This weekend, I'm heading to the Garden State Home Show to give a series of presentations on color, and the timing couldn't be better. For me, it's right about now, when the excitement of a new year starts to wane and the snow continues to fall, that my mind turns to warmer days—and brighter hues. Of all the elements we use to design our homes, color has such an incredible way of uplifting the spirit. It soothes as much as it stimulates, and on winter nights especially, going through old magazines by the fire, I'm drawn to the lush, warm tones of citrus, dreaming of days—and rooms—yet to come.
The way I see it, color inspiration is everywhere, but sometimes, you have to dig a little deeper. Peel things back—skins, pages, memories—revealing colors and combinations of dazzling beauty. This image from Living has been a favorite of mine for years. The pixie tangerine alone (white flowers, green leaves) could inspire the palette for an entire bedroom: dark wood floors the color of the stem, white wainscoting, tangerine walls, and a linen roman shade in stripes of the two. For the bed, green tufted headboard, tailored box pleat skirt (inner white, outer green), with bedding all in shades of tangerine. Flowers, too, reveal beautiful palettes. Here, zinnias and phlox from last summer's garden inspired fabrics and paint for another cheery bedroom sure to warm up the winter.
Being bold with color takes courage—believe me, I know—but the rewards are many. For a story I did back at Martha, we painted the walls of a loft-like guest room a vivid peony pink, then kept the furniture and fabrics neutral. For a small space, the color feels bright and happy but not overwhelming. To the right, from Southern Accents, tangerine walls are a fitting choice for a Palm Beach residence, but how warm and inviting would it feel to paint a living room in a cold-weather region a similar hue?
Of course, wallpaper is another way to add rich color to a room. Splatter pattern aside, I love using textural solids in unexpected ways. For a bedroom story I did back at Martha, I used a pretty green grasscloth, cut into 24-inch squares and rotated for a more dimensional checkerboard effect. The pale blue ceiling, paired with the periwinkle velvet on the bed, felt calming enough for a bedroom but still with a hint of Hollywood glam. Speaking of, how glamorous would it be to throw open the doors of your closet to reveal a color of surprising beauty? In this image from Domino, a turquoise and cream damask wallpaper feels fun, flirty, and sophisticated.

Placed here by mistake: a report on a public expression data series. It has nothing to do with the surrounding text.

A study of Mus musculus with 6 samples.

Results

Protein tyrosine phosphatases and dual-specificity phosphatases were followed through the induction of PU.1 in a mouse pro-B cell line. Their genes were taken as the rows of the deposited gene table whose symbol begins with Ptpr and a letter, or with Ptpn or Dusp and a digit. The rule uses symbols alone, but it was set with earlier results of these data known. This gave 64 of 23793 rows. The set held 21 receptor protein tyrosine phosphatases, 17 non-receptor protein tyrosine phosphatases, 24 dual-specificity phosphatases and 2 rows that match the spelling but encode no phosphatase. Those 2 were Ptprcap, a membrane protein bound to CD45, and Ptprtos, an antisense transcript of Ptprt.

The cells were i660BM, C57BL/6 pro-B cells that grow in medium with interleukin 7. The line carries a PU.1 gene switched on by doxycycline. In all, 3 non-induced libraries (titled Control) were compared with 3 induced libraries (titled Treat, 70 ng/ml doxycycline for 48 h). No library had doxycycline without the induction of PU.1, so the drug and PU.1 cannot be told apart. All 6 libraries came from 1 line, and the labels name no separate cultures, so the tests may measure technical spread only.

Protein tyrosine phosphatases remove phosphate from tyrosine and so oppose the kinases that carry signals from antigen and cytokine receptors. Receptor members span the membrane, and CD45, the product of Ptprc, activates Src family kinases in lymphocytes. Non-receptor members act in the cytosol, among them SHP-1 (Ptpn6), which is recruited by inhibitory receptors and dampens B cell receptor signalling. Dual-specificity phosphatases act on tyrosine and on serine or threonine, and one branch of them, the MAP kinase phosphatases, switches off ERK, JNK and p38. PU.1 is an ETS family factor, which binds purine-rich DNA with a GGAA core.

Anyone who's accompanied me to the flea market knows I love freshening up old furniture with paint. All wood isn't created equal, especially when it's merely the veneer of pieces mass-produced in the 20s and 30s. When in doubt, paint it out! These shield back chairs I found at a Goodwill last year. They were a great size with pretty lines but the finish felt dusty and dated. Inspired by a vintage pair of Tiffany playing cards from the flea market, I painted them a punchy turquoise, then covered them in a woven homespun silk in the same palette as the cards. Now they feel fresh, happy and so much more modern.
A staple of antique stores and Salvation Amries alike, secretaries showing their age can benefit from a splash of color too, whether a crisp, clean white or a more daring hue. In the bedroom of our city apartment shot for Domino (two things I miss terribly), we painted an old secretary white, then replaced the glass with mirror. Later, for a story at Martha on pairing opposing colors and patterns, I painted a similar piece a cheerful yellow, then wallpapered the interior a watermelon faux bois from Alpha Workshops. For the more timid among us, painting or wallpapering the insides of furniture is a fantastic way of adding color without a lot of commitment.
Another great place to add color is the inside backs of bookshelves. Do you remember this living room makeover we did for friends out on Long Island, featured in Country Living?
To update the room with a fresh, more modern look, we whitewashed all the walls, then painted the backs of the built-ins a pretty pale blue for added depth. Another stylist's trick is to remove unsightly jackets, grouping books both vertically and horizontally by color. Accessories in pale colors and natural textures like driftwood and sea glass kept the bookshelves light and airy. Finally, we layered in punchy touches of hot pink in the pillows. On neutral sofas especially, colorful throw pillows are one of my favorite ways to rev up the color in a room, swapping them in and out by season. Speaking of, here's a taste of spring from a story I did for House Beautiful years ago.
After a trip to Braswell's one of my favorite stores for antique furniture and tabletop, I turned inexpensive silk scarves into fun, fashionable pillows. They're a great way of repurposing vintage scarves while adding color to an old sofa. For more inspiration and ideas on enlivening your decor with color, join me in New Jersey at the Garden State Home Show this weekend, then in Richmond for the Home Show later this month. I'd love to see you! And in the meantime, a question: What color combinations are you loving right now?